Photo Credit: The Filberg House is considered one of Canada's architectural treasures |

Canada’s “Most Fabulous House” in Comox Alleged to Be Proceeds of Drug Crime.

This classic house is registered to a numbered company named in a civil forfeiture lawsuit

The Filberg House was built in 1959 by the famous architect Arthur Erickson

The provincial government wants to seize the famous Filberg House.

It’s one of ten properties across Vancouver Island named in a civil forfeiture case, allegedly as the proceeds of crime. Namely from the illegal sale of cannabis and magic mushrooms dating back more than a decade.

Five properties, including the Filberg House, are located in the Comox Valley.

The 2,500-square-foot house sits on a 7-acre property above Goose Spit in Comox.  It was designed and built in 1959 by Arthur Erickson for his friend Robert Filberg, son of the logging baron Bob Filberg.

It was one of Erickson’s early house designs. Its clean lines, oversized windows, and detailed finishing make it a Canadian post-modern architectural masterpiece. In a 1961 edition of Canadian Homes, it was called “Canada’s Most Fabulous House.”

Erickson went on to achieve national and international acclaim. His designs include Robson Square, Simon Fraser University, and the UBC Museum of Anthropology, among many other projects.

The famed Filberg House is now in the government’s crosshairs, caught up in an organized crime investigation. The house is valued at $2,125,000 and is registered to a numbered company based in Courtenay.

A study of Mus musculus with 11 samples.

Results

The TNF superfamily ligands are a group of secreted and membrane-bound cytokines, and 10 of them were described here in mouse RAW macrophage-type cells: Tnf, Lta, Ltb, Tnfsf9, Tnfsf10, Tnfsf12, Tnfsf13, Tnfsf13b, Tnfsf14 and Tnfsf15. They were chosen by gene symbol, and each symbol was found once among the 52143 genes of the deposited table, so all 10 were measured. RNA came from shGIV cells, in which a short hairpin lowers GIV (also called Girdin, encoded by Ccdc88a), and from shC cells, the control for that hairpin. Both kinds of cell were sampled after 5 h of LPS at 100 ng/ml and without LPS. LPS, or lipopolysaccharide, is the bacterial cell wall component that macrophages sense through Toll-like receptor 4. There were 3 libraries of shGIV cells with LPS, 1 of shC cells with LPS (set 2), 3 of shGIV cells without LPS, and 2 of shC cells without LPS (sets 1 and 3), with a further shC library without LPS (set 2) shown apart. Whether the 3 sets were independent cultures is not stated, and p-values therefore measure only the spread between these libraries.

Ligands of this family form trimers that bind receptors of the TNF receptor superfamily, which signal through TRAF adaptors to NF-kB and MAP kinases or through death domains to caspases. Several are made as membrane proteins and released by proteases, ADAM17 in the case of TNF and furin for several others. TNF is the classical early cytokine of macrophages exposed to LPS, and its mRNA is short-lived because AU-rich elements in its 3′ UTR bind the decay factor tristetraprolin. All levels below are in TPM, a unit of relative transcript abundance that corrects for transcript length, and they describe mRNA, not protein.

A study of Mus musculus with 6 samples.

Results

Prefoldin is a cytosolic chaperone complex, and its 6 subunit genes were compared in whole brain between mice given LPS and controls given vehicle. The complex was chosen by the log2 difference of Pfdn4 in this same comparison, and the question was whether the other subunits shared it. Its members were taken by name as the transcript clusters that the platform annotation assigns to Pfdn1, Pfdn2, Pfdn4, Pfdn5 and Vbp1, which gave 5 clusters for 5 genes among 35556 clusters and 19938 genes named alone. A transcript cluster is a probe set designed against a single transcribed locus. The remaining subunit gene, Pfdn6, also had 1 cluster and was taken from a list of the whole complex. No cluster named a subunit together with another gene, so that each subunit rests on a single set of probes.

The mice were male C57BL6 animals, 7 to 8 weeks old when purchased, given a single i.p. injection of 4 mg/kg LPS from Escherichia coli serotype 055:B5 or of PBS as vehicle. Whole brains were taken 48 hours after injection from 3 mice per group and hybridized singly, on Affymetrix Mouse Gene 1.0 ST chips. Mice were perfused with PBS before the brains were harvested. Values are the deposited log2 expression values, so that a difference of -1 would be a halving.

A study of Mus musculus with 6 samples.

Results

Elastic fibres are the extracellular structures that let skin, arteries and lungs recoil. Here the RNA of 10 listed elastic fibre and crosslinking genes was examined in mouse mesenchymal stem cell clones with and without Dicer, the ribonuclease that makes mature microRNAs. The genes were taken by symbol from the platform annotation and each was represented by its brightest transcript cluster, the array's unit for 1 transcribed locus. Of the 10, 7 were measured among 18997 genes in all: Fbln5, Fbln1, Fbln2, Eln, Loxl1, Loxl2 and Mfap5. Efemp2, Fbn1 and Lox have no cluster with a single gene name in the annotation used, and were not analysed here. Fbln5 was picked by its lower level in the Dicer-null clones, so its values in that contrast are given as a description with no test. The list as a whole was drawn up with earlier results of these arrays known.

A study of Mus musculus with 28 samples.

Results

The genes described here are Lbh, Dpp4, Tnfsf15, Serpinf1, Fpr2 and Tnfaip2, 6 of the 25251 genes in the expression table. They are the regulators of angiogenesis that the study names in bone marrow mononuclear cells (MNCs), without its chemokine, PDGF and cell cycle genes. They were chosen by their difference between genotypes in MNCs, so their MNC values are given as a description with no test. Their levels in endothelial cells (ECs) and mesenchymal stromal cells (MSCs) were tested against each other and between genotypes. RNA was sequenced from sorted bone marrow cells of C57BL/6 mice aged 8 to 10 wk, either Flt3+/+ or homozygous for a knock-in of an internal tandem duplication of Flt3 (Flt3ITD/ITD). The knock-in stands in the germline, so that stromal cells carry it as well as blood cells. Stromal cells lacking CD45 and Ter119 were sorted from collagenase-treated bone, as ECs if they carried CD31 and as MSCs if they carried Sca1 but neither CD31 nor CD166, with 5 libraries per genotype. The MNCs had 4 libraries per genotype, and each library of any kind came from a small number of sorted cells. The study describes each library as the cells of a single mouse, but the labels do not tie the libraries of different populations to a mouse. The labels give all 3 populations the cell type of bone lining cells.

In a lawsuit filed earlier this month, the director of civil forfeiture names four Island residents and four companies linked to them. One of the numbered companies, 1165860 BC Ltd., is listed as the owner of the Filberg House.

According to court documents, Dianna Bridge and Melanie Durupt faced a previous civil forfeiture case in 2018 for illegal cannabis.

The latest claim alleges that both women are directors of MOTA Green Meds, a company that “has been producing, distributing and selling illicit cannabis, cannabis derivatives, and various other products containing cannabis,” since December 2011.

The ten properties are worth an estimated $15 million.

The government wants them all, alleging in the claim they are the “proceeds and of unlawful activity,” including possession for the purposes of trafficking, money laundering, and failure to declare income tax, among other claims.

None of the defendants currently face any criminal charges in connection with the allegations. They have yet to file a response to the province’s claims.